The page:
FAIRFAX, Va. — Each year, Express Lanes operator Transurban takes thousands of people to court for unpaid tolls, penalties and fees. But lawyers are arguing that Transurban is taking too long to take drivers to court,…
FAIRFAX, Va. — Each year, Express Lanes operator Transurban takes thousands of people to court for unpaid tolls, penalties and fees.
But lawyers are arguing that Transurban is taking too long to take drivers to court, and one lawmaker tells WTOP that he agrees.
Attorney Marla Diaz has argued in Fairfax County Circuit Court that the statute of limitations is one year. Attorney David Bernhard also has made the same arguments before the District Court.
Del. Scott Surovell, D-Mt. Vernon, warns that he hasn’t studied the Virginia code in-depth, but he agrees the statute of limitations should be one year. Surovell is also a criminal defense attorney.
“From a public policy perspective, I don’t see why the legislature would want this to be anything other than a one year statue of limitations,” says Surovell.
If the court rules in this direction, it means that Transurban must file in court against a driver within 365 days of the unpaid tolls. Bernhard says you can find the filing date online, but it’s usually a few days after the date on the court summons.
If Transurban files after 365 days, then the lawsuit could be considered untimely.
“The statute of limitations was the first thing I looked into, and it’s pretty obvious to me that it is one year,” says Bernhard, who was profiled on Fox 5 earlier this month.
Surovell tells WTOP that Bernhard is a top defense attorney and he knows the laws better than almost anyone in Fairfax County.
“I haven’t studied it the way Mr. Bernhard has, but from a public policy perspective, we wouldn’t want this to be stretched out. Traffic offenses have a one year statute of limitations. There is no reason you need to wait to prosecute somebody. There’s no reason to wait up to two years to deal with the matter. I can’t think of a basis why the General Assembly would intend for these cases to have anything longer than a one year statute of limitations,”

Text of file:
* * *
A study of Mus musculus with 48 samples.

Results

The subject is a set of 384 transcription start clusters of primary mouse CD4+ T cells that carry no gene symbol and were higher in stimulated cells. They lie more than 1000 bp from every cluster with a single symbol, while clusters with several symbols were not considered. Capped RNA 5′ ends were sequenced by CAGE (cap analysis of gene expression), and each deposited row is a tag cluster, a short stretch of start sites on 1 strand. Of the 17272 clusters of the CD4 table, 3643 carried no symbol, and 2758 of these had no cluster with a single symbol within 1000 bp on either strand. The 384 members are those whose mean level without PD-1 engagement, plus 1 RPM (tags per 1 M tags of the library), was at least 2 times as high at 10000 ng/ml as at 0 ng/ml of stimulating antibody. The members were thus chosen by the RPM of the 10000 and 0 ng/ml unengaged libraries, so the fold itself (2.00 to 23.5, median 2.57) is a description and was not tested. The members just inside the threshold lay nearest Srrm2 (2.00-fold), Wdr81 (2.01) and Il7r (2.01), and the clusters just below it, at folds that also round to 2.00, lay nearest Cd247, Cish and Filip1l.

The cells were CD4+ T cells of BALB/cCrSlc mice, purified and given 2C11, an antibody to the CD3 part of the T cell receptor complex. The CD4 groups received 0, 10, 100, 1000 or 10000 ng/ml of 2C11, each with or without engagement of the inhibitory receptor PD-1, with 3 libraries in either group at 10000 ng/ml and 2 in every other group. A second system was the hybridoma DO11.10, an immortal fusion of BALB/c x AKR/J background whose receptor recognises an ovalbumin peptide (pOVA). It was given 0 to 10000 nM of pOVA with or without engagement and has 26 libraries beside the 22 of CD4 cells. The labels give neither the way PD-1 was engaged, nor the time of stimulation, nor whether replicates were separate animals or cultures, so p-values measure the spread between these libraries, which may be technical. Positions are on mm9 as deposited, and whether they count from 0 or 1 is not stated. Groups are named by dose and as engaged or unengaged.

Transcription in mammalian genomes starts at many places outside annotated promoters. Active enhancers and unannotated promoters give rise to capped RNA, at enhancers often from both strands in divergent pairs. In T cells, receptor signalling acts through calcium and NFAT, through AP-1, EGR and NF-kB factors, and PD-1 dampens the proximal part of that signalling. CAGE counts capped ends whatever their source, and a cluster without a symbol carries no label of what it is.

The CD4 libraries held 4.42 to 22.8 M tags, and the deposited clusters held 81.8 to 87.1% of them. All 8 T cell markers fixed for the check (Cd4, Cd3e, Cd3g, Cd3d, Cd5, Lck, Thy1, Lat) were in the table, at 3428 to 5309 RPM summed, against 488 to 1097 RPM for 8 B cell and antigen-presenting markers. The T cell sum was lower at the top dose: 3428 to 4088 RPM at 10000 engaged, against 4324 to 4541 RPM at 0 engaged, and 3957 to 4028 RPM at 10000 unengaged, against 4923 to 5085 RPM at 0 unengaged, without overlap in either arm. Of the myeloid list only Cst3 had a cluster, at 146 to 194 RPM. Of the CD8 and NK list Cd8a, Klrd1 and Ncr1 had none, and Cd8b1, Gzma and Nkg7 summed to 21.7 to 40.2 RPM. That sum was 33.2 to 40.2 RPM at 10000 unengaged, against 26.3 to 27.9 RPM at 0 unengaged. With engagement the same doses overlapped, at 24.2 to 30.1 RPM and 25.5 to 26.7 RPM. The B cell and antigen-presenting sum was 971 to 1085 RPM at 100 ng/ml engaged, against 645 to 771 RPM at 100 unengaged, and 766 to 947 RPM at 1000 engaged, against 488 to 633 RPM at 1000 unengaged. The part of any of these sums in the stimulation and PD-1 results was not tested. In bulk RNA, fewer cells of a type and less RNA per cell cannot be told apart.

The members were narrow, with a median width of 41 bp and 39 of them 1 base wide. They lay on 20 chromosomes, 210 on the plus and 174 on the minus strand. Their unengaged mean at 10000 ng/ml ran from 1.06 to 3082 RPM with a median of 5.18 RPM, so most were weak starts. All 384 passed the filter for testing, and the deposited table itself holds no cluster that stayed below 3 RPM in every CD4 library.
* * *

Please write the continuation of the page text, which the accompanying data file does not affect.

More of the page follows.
Transurban disagrees with this conclusion. Attorney Caleb Kershner argued before judge Dennis J. Smith that the statute of limitations is two years. Kershner points to a Virginia statute referring to personal action causes for damages to the other person or his property.
Last week, Bernhard also got a District Court Judge Thomas E. Gallahue to dismiss two cases because Transurban was not present. Alexis Brach appeared on behalf of Transurban, but since she is an independent contractor for a company called Faneuil Inc., the judge ruled she cannot represent Transurban before the court. Brach also negotiates with drivers for Transurban in the courthouse.
Smith will rule on all these issues on March 13. If he rules the statute of limitations is one year, then three cases before him will be dismissed and all drivers going to court can refer to the ruling as a defense.
Editor’s Note: This story has been modified to reflect that Transurban has summoned 4,200 individuals to Fairfax County General District Court and not tens of thousands, which reflects the number of summons issued. An individual receives a separate summons for each unpaid trip on the Express Lanes.